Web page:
Moon Knight: High Strangers
(1999 - 4 issues, Marvel Comics)
Script: Doug Moench. Art: Mark Texeira.
This was published in a gap between periods when Moon Knight had his own, regular series. The character had already undergone a revision or two (though this was before Marvel threw him wholly into the "dark n' gritty" waters and had him, for a time, be a largely psychotic, murderous vigilante).
Returning to MK is his original chronicler, Doug Moench, presenting a tale that ignores most revisions for an adventure that feels lifted directly from an earlier era -- with Moon Knight, Marlene, Frenchie -- and even Crawlie and Gena having cameos. And Moench is joined by artist Mark Texeria who by this point has developed a moody, organic style of sinewy bodies evocative of someone like Neal Adams and -- of more relevance to the character -- Bill Sienkiewicz whose run with Moench a few years before helped define the property.
So with Moench back at the helm and joined by Sienkiewicz-like artist, it all feels nicely evocative. The plot even involves Moon Knight getting embroiled with a rogue CIA operation, tying into his background as a former spy.
Moench's pacing is good -- a problem with some of his earlier MK's was maybe a tendency to run towards verbose, text-heavy panels. Unfortunately, despite all these pluses and starting out good, it has some problems.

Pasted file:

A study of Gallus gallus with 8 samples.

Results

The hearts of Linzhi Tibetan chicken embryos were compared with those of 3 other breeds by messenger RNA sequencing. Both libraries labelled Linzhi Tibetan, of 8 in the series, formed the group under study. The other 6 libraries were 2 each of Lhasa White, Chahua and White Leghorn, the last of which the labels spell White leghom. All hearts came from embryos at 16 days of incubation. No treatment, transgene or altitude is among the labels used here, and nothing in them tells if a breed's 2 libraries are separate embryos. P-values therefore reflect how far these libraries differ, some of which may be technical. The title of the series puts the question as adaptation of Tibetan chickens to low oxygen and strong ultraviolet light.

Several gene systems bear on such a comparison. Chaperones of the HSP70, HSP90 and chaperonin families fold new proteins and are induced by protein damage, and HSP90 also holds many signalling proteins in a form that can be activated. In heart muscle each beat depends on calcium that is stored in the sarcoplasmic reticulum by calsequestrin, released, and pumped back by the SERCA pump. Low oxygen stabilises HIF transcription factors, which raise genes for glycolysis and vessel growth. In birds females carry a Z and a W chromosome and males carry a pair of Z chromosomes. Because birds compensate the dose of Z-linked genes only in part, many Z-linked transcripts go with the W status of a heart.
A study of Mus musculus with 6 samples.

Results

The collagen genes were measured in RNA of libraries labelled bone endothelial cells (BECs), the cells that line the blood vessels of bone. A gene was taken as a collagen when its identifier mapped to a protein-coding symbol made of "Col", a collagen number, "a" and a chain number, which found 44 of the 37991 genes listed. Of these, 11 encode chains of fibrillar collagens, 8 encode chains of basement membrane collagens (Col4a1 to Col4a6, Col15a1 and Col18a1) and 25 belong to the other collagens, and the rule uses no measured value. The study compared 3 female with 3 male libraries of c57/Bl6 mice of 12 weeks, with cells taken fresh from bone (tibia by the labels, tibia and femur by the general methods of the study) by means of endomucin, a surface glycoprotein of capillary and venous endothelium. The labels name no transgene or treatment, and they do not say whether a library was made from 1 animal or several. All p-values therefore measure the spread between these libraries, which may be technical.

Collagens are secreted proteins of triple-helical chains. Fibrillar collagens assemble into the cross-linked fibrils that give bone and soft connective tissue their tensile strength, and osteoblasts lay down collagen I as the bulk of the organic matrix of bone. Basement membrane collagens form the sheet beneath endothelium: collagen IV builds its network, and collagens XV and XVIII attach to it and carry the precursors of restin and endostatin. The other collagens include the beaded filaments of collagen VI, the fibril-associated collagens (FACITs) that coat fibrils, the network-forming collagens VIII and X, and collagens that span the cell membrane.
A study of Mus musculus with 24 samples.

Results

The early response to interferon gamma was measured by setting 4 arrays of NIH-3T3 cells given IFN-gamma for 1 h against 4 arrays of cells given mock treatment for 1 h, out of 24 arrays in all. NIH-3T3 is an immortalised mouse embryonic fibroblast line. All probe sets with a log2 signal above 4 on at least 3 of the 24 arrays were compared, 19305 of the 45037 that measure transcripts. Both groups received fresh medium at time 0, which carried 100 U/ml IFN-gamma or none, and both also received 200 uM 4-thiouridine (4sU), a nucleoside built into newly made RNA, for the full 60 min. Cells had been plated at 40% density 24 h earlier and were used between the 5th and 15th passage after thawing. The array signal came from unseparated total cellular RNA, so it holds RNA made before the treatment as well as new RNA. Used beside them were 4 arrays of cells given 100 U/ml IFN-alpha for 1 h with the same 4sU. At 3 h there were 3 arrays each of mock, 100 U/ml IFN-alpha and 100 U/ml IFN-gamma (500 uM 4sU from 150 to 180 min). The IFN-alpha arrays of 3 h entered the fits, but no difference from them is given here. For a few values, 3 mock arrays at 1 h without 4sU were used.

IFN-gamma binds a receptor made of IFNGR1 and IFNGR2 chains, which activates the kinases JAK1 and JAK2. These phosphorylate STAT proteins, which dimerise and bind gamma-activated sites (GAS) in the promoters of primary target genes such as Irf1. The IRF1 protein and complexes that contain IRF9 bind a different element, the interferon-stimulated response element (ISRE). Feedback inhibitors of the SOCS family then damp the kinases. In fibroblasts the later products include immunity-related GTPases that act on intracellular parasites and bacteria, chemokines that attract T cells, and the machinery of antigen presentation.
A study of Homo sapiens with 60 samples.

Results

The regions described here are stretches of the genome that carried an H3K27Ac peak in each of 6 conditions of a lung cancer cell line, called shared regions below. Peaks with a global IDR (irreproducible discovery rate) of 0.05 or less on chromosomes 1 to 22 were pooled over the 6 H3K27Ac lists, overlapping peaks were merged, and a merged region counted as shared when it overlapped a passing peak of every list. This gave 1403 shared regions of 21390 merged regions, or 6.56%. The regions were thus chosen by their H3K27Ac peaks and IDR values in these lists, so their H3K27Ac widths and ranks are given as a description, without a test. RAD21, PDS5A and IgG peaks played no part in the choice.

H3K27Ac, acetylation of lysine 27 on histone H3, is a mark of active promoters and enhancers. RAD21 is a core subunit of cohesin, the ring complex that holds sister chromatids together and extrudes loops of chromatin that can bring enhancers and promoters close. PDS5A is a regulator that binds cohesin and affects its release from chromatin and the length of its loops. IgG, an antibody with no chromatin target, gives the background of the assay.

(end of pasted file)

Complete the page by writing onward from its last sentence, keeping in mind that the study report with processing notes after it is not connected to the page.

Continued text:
The plot basically feels like Moench had just finished reading a bunch of books about conspiracy-theories and parapsychology -- or maybe had just binged on a lot of X-Files episodes! So Moon Knight finds himself investigating possibly a CIA plot involving mind control (deliberately echoing a classic Moon Knight tale from the early 1980s -- not to mention the graphic novel, Moon Knight: Divided We Fall). It's a plot that Moench tries to link in with everything from UFO abductions to crop circles, the Loch Ness monster, secret societies, and astral projection. And it just feels like too much of too much. Particularly since early on MK concludes it all has to do with hallucinations and mind control, meaning neither he -- nor we readers -- really feel like any of it's building to an actual revelation...or is anything more than Moench just trying to cram in every idea he's read about (like a creative miser -- hoarding the ideas so no one else can use them). It's fast-paced -- but stretched over four issues, it lacks any strong emotional or character thread to make us care. And without any real logic to much of it (even by the end not really explaining some things). Even Moench's tendency to break the issues down into chapters feels gimmicky more than relevant to the telling. Some "chapters" are only a few panels long -- and some scenes he'll break into multiple chapters, so it's not even like he's using it as demarcations between different scenes.
So in the end: it's fast-paced, attractively -- and evocatively -- illustrated, and with Moench arguably knowing these characters and their world better than anyone. But, as I say, it feels a bit like Moench is just recycling ideas and themes he's seen elsewhere (and some he's used himself before) wasting the very X-Files-like vibe of paranormal phenomenon and conspiracies precisely because he so over does it no one idea really has time to settle in. And with much of it undermined because they all have more-or-less the same solution. And with the whole never really evolving into a proper epic adventures (as befits the "chapters" format); more just a string of weird images and false clues.